Most of the complaints about President Obama are ridiculous (“he didn’t tear down the military industrial complex?” “War criminal!”), untrue (“he’s weak on defense” when he actually made us safer at home and abroad), or perhaps things that weren’t his problems to solve (“why didn’t he heal the divide between black and white Americans?”). The honest truth is that Obama and his administration did a great job for eight years. They had to walk a tight rope with absolutely no help from a hostile Republican Party that irrationally hated the guy’s guts before he even took office. [People comparing this to the way liberals are treating Trump should maybe look at Obama’s behavior as POTUS-elect and Trump’s post-election behavior for a textbook case of false equivalencies.]
Still, no administration is perfect and to me personally the Obama team’s biggest misstep is not pardoning Don Siegelman. Now sure, there are complaints that have received far more media attention (the Benghazi witchhunt, Hillary’s email server, anything Syria-related, etc.) but those are mostly noise makers for people that hate Obama anyway.
Why it matters that Obama didn’t pardon Don Siegelman…
1. It sends a message to red state Democrats that they’re alone…One of the chief complaints about the Obama administration (this one legitimate) is that 1,030 Dems lost their seats while he was President. A lot of this is just timing, and a lot of this is low mid-term voter turnout, but for all intensive purposes it looks like the “Obama coalition” voters mostly don’t care about other Democrats, and are only voting for one man. While the “Anti-Obama coalition” votes for every single election.
This has all but wiped-out red state Democrats. For example, Alabama had a Democratic state legislature until the year 2010 (the first election since Obama won) which turned the state from bright purple to blood red. This may not have directly been Obama’s fault, but it sure didn’t help anything when he won, Howard Dean (who led a successful 50-state solution to rebuild the Democratic Party) was pushed out as DNC head, and Tim Kaine took over, largely abandoing the state parties. Red state Democrats feel like they have no help at all from the DNC or anyone at the White House. And not pardoning Don Siegelman is a clear indication that they’re right.
2. Siegleman’s political prisoner status (and lack of any pushback) scares Dems from running…I can personally say that I’ve known promising Alabama politicians think about running as Democrats but didn’t because “Well, look at what happened to Siegelman. He didn’t do anything wrong and he wound up in jail.” It’s a huge deterrent for people thinking about running as a Democrat in a state where the last Democrat Governor has been rotting in a jail cell for no reason.
That Republicans can get away with this is scary. What’s even scarier? Over 100 former state attorney generals (many of them Republican) sent a letter to Obama asking him to pardon Don, and even they were ignored. How does it work that Chelsea Manning—who never even tried to say they weren’t guilty—gets a commutation, but a man universally regarded as innocent is ignored? Beyond the social media flash and trendy “causes” of the Twitter-verse, this is what’s really scary, and the fact that seemingly no one gives a damn only makes it scarier. And what’s the incentive for Republicans not to try this the next time a Democrat gets any real power in Alabama? Since they completely got away with it this time.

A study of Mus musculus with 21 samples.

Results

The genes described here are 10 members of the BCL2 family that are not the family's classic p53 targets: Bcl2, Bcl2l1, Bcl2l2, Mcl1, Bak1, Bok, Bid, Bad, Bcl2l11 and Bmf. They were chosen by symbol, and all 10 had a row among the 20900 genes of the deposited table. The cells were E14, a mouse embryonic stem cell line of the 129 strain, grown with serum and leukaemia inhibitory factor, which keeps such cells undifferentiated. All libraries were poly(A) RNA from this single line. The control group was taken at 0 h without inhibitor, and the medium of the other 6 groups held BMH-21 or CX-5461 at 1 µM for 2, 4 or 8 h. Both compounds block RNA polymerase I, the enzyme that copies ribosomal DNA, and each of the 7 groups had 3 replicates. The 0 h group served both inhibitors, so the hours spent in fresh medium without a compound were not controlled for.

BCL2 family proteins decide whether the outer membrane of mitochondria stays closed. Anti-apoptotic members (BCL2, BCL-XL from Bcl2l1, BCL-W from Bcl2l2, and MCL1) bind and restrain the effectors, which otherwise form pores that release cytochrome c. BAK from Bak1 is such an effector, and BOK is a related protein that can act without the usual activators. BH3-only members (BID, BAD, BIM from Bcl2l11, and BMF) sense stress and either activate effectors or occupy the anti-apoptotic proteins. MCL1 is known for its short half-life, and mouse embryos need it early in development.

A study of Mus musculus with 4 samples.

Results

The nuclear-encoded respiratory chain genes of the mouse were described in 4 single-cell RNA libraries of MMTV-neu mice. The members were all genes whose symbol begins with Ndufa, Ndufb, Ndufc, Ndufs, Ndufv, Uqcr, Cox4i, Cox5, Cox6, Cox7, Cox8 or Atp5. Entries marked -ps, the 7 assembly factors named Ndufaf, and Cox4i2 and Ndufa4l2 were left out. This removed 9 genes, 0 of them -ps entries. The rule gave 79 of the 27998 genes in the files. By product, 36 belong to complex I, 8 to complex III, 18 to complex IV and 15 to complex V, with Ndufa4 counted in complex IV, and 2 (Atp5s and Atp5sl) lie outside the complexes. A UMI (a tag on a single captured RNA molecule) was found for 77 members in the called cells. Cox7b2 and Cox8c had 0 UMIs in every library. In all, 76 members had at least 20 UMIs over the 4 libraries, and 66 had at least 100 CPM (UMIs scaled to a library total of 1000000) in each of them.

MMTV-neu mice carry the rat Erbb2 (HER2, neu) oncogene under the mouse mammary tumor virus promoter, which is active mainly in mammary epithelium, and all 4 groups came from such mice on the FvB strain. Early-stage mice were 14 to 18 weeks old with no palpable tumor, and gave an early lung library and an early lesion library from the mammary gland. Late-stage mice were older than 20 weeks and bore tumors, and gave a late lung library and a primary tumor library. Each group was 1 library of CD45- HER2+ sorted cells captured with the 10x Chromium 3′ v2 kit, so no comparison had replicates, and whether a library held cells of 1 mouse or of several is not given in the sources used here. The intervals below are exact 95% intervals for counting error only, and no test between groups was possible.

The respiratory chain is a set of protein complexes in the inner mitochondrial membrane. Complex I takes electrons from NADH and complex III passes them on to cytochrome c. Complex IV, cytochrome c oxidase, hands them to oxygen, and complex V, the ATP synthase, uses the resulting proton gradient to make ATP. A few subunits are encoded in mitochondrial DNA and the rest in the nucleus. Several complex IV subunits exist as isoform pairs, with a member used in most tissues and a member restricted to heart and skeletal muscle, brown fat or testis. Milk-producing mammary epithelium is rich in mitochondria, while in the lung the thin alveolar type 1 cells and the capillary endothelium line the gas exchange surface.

3. He really is innocent…I don’t know if this matters when it comes to Presidential pardons, but Siegelman is innocent. He has spent years of his life rotting in prison (and a few years before that fighting for his life in a witchhunt trial) for something unjust. I’m not saying Obama shouldn’t have pardoned or commuted the sentences of federal drug dealers or Chelsea Manning, but as far as I can tell, no one is saying they didn’t do what they did, while it is almost universally acknowledged that Siegelman’s crime (to give someone a board position that had made a donation to a pro-lottery group, something Siegelman was advocating for at the time) did not benefit him personally, actually did go to the lottery group, and therefore no crime was committed. There is no doubt that if Siegelman had been a Republican he wouldn’t be in jail right now. This is a political prisoner. This is what they look like. Not Chelsea Manning, not Edward Snowden, but Don Siegelman. A man who tried to bring a lottery to the state of Alabama, and was “rewarded” for his efforts by spending his elder years in a prison.
4. Even if he wasn’t, his sentence is excessive…Obama’s big thing for pardons or commutations seems to be less a question of innocence or guilt as it is “was their sentencing excessive?” Even if you judge Siegelman’s case beyond the merits of innocence (which seems absurd to me but still), you have to believe wasting a decade of Siegelman’s life–either in a prison cell serving his time or on trial–is excessive.
End Note: Siegelman’s being in prison is wrong. Even when he gets out (supposedly in August, but we’ll see), he’ll be unable to rebuild the Alabama Democrat Party–assuming he has a desire to do so–because of the restrictions for felons on parole or ex-felons. He will not be able to truly be a free man even when he’s out, and at his age (he’ll be 71 in late February) he may very well die before his full rights are restored or even before August.
Obama not pardoning him is a mistake. And in my opinion, it’s the biggest mistake of his administration.